Academic Skills

The ability to succeed in study at higher education, and in many careers is increasingly dependent on the development of a variety of intellectual and transferable competencies and skills.

Your study here will offer not only knowledge and intellectual development but also personal development. We start this journey here, where you are encouraged to consider your experiences and skills you have developed so far in your education and career to date.

Skills for Learning

Skills for Learning is a collection of resources to support the learning and teaching of academic skills. Academic skills include the use of IT, numeracy, academic literacy, problem solving, critical thinking, working with others and research skills to name just a few. Reading, links and activities are supplemented by a podcast series which explores a variety of topics such as essay writing, plagiarism and statistics.


Your course information module and the guidance for each assignment will provide details of the referencing style you are expected to use. For many of you, academic referencing will be a new skill, but you will be putting what you learn into practice in every module and your confidence will quickly grow!

All Module Tutors will be happy to assist you when you have specific questions on this as you work through your course.

However confident you are (or are not) with numbers, you may find it helpful to assess your skill level and work out where your strengths and weaknesses lie. If there are areas you wish to improve, you may find the following useful:

The ‘Reflective Practitioner’ approach (developed by Schön in 1983) aims to develop your ‘reflection-in-action’ capacities (thinking about what you are doing while you are doing it), as it is these capacities that skilful practitioners bring to situations of uncertainty.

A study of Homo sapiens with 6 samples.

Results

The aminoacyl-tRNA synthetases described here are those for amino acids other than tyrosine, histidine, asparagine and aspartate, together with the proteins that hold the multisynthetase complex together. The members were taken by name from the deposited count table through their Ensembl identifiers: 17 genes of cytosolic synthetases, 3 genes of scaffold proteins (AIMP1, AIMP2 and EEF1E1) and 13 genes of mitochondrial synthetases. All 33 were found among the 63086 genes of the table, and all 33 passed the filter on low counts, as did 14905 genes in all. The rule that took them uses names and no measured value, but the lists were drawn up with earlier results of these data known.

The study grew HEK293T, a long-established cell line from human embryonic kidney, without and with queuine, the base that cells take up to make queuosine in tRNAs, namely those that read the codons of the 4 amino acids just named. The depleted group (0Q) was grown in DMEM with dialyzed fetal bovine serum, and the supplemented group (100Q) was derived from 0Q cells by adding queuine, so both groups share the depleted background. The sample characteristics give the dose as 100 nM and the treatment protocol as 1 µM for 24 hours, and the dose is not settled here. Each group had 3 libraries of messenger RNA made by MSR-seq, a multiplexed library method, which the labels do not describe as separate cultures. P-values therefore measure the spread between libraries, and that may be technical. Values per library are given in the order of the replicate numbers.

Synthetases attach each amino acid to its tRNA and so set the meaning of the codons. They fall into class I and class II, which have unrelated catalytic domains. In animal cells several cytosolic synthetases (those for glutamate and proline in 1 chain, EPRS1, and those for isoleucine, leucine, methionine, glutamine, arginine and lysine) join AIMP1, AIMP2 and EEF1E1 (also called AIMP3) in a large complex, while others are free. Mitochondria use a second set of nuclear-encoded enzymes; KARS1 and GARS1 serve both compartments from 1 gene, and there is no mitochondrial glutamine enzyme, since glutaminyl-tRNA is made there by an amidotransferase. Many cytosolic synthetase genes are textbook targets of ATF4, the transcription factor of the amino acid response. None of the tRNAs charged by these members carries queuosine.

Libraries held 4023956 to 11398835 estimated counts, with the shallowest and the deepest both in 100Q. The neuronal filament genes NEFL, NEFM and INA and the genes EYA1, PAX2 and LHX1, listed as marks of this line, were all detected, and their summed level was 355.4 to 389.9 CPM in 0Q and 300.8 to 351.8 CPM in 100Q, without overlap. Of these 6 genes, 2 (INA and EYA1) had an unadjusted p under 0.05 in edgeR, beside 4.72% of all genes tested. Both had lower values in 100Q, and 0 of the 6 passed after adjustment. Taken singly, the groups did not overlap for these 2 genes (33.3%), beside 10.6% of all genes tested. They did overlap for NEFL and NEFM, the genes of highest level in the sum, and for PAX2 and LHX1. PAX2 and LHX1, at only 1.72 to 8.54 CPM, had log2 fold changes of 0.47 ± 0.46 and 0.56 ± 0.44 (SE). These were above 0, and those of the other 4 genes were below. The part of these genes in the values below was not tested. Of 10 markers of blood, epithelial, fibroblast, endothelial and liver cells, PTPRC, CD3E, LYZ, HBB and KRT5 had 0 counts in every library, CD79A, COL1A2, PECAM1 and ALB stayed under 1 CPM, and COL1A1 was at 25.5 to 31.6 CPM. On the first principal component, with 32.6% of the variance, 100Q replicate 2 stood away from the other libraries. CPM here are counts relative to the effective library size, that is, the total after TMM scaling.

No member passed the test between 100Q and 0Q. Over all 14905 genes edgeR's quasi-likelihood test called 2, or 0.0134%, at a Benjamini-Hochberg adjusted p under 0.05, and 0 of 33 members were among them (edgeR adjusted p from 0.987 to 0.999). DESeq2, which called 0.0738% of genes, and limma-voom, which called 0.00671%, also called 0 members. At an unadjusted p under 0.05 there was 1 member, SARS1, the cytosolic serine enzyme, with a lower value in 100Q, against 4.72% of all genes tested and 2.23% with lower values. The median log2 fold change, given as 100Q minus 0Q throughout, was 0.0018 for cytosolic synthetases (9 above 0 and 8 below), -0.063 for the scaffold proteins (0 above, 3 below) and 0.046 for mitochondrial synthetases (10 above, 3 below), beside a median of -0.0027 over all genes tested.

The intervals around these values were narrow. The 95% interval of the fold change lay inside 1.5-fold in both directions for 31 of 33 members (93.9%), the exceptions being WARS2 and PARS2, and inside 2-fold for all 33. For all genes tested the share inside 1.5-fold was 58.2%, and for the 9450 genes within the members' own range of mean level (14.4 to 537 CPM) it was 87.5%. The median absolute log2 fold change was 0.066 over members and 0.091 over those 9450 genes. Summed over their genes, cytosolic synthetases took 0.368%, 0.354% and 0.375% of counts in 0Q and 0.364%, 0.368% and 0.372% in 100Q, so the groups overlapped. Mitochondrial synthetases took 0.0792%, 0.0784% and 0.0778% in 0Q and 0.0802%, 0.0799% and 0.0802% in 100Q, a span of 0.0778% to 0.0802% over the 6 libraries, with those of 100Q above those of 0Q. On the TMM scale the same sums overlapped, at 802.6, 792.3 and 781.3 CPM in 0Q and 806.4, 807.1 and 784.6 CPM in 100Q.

Skills for Learning has a section on Reflective writing.

Another exciting possibility when starting a distance learning course, is that you will meet colleagues from very diverse backgrounds: some will be continuing directly from their undergraduate degrees, and others will be returning to study, or perhaps studying for the first time after working in industry! Whatever your background, you will have to use your academic writing skills at some point throughout your course.

The Skills for Learning website has a fantastic set of resources to support you, including Essay Writing, Referencing, and Postgraduate Study Skills. Remember: if you are ever stuck there is plenty of help available - just ask. 

We understand the importance of being able to thrive in a digital society, and want you to be equipped with the necessary digital skills.

These can include:

  • Using word processing and presentation softwares;
  • Using online communication tools and softwares; and
  • Conducting yourself online safely and securely.

To support the development of these capabilities, Skills for Learning offer interactive workshops, alongside self-study booklets.

Google for Education also offer a variety of free lessons on Applied Digital Skills.


Critical thinking skills are essential for your study. You will need to understand key questions from many angles and perspectives and be able to construct (and deconstruct) convincing arguments. Critical thinking is not only central to succeeding in your studies but also essential for the effective employee who needs to make good judgements based on evidence, arguments and experience.

Take a look at the Skills for Learning Critical Thinking section, in particular the Lines of Reasoning Animation. You may also find the Critical Thinking guidance and activities on the LearnHigher website useful.